Mecklenburg County will have $44.8 million more than expected for the next budget year, with most of the money coming from taxes from the 2011 property revaluation.
Finance Director Dena Diorio said fewer taxpayers than expected have won appeals over the course of the year.
County Manager Harry Jones won’t unveil his recommendations for the 2012-2013 budget until
Tuesday, but Mecklenburg County Board of Commissioners Chairman Harold Cogdell said recently the board had a “real opportunity” to pass a new budget with a small tax break and still offer services the county needs.
Cogdell said that after talking to Jones, he believes recent signs of an improving economy – including increased sales tax revenue – could allow the board to help taxpayers already stung by last year’s revaluation.
“We’ve seen some reliable indicators that our economy is gradually returning to a growth mode,” Cogdell said.
Cogdell could not say what the county manager will recommend in his budget.
“As a board, we need to have discussions not only on the school system’s requests, but requests from libraries and other community partnerships and understand there are needs within our county departments.”
Charlotte-Mecklenburg Schools Interim Superintendent Hugh Hattabaugh has requested $355.9 million, $27.5 million more than the school board asked for last year.
When county officials worked on the current budget that ends June 30, Diorio said they assumed appeals would bring a $6 billion reduction in the property tax base.
That figure, county officials said, represented a conservative worst-case scenario estimate.
But the county so far has lost $2.1 billion from its tax base due to successful tax appeals from property owners.
“The fact that the values are holding under appeal is an indication that the revaluation was done correctly,” Diorio said.
The appeals process
Mecklenburg Tax Assessor Garrett Alexander said by the end of this fiscal year, appeals losses will approach $3 billion with half the appeals waiting to be heard by the Board of Equalization and Review.
The Board of Equalization and Review, a citizen’s panel that considers formal appeals, hears roughly 75 appeals cases a day, three times a week, assistant assessor Eric Anderson said.
Alexander also said this current fiscal year’s surplus and additional revenue expected in the coming year is not just due to property taxes, but also sales tax revenue and the growth in the tax base. Through April of this year, the county has $7.2 million more in sales taxes than budgeted.
The county’s tax base currently is $115.4 billion, Alexander said.
The county assessor’s office so far has reduced approximately $1.4 billion value for informal appeals, and the Board of Equalization and Review has reduced property value by approximately $825 million, Alexander said.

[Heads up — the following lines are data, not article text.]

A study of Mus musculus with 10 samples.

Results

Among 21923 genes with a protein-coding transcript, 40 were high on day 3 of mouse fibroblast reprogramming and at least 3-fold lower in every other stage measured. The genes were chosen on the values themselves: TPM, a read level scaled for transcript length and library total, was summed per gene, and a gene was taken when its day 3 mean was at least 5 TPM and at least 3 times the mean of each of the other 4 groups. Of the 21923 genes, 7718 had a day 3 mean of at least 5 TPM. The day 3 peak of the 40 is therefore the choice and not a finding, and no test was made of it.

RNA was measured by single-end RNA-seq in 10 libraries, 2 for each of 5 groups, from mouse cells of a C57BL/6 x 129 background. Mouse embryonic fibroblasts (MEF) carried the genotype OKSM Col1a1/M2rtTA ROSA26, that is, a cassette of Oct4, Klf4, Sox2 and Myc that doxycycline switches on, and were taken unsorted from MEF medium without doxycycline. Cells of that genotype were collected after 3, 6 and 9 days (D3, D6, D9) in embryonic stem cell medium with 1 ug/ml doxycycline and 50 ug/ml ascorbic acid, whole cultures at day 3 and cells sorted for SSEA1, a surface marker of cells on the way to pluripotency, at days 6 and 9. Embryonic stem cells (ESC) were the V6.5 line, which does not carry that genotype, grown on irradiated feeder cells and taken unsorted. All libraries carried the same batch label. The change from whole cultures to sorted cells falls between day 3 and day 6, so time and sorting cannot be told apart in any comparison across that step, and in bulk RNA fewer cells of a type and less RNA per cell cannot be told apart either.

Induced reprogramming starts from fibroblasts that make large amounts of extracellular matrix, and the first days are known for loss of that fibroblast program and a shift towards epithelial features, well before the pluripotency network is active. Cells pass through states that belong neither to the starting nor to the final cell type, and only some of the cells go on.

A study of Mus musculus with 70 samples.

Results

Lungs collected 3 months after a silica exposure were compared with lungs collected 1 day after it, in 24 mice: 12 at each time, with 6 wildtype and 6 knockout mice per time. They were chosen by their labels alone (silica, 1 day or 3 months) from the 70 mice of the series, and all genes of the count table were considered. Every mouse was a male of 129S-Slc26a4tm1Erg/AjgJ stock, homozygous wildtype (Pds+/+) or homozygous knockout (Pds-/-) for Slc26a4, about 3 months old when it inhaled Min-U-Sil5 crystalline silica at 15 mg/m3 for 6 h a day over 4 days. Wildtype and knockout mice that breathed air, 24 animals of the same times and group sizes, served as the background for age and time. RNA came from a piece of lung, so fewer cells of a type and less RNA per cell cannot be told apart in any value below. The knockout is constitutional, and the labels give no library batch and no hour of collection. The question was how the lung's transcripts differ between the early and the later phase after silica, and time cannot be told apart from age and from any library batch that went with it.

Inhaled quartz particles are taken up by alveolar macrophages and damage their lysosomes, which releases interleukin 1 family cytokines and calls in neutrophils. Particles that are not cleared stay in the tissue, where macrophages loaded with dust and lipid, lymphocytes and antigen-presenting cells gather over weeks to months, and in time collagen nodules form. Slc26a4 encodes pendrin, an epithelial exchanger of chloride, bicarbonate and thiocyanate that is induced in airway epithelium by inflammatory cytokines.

Property owners who challenge revaluations first must file an informal appeal within 30 days of getting the revaluation. If the appeal is rejected, a property owner can appeal to the Board of Equalization review, and if their appeal is still rejected, they can go to the State Property Tax Commission.
Of the total 10,075 appeals to the Board of Equalization and Review, 6,250 were heard; 3,966 closed with a decrease in property value; 209 closed with an increase in property value, and 2,075 closed without any change, Alexander said. Criticisms of the revaluation
North Carolina law mandates counties must revalue all real property at least once every eight years. Mecklenburg County’s last revaluation was in 2003.
County officials have faced criticism from property owners about appeals from the 2011 revaluation.
At a meeting May 1, several residents spoke up in favor of an audit, and many held signs with the message “Fix It!”
At that meeting, Mecklenburg commissioners directed Jones by a 6-3 vote to bring recommendations by June 19 on who could conduct an independent review of the 2011 property revaluation.
Some property owners have complained about how the county factored in the impact of foreclosures in some neighborhoods and how land values were assigned to some properties. The county has long defended the revaluation, though commissioners and others have acknowledged they could have done a better job in communicating with the public.
The county tax rate is 81.66 cents per $100 of assessed property value. Commissioners last June dropped the rate by about two cents, but many property owners still paid more because the rate was applied to new, higher property values.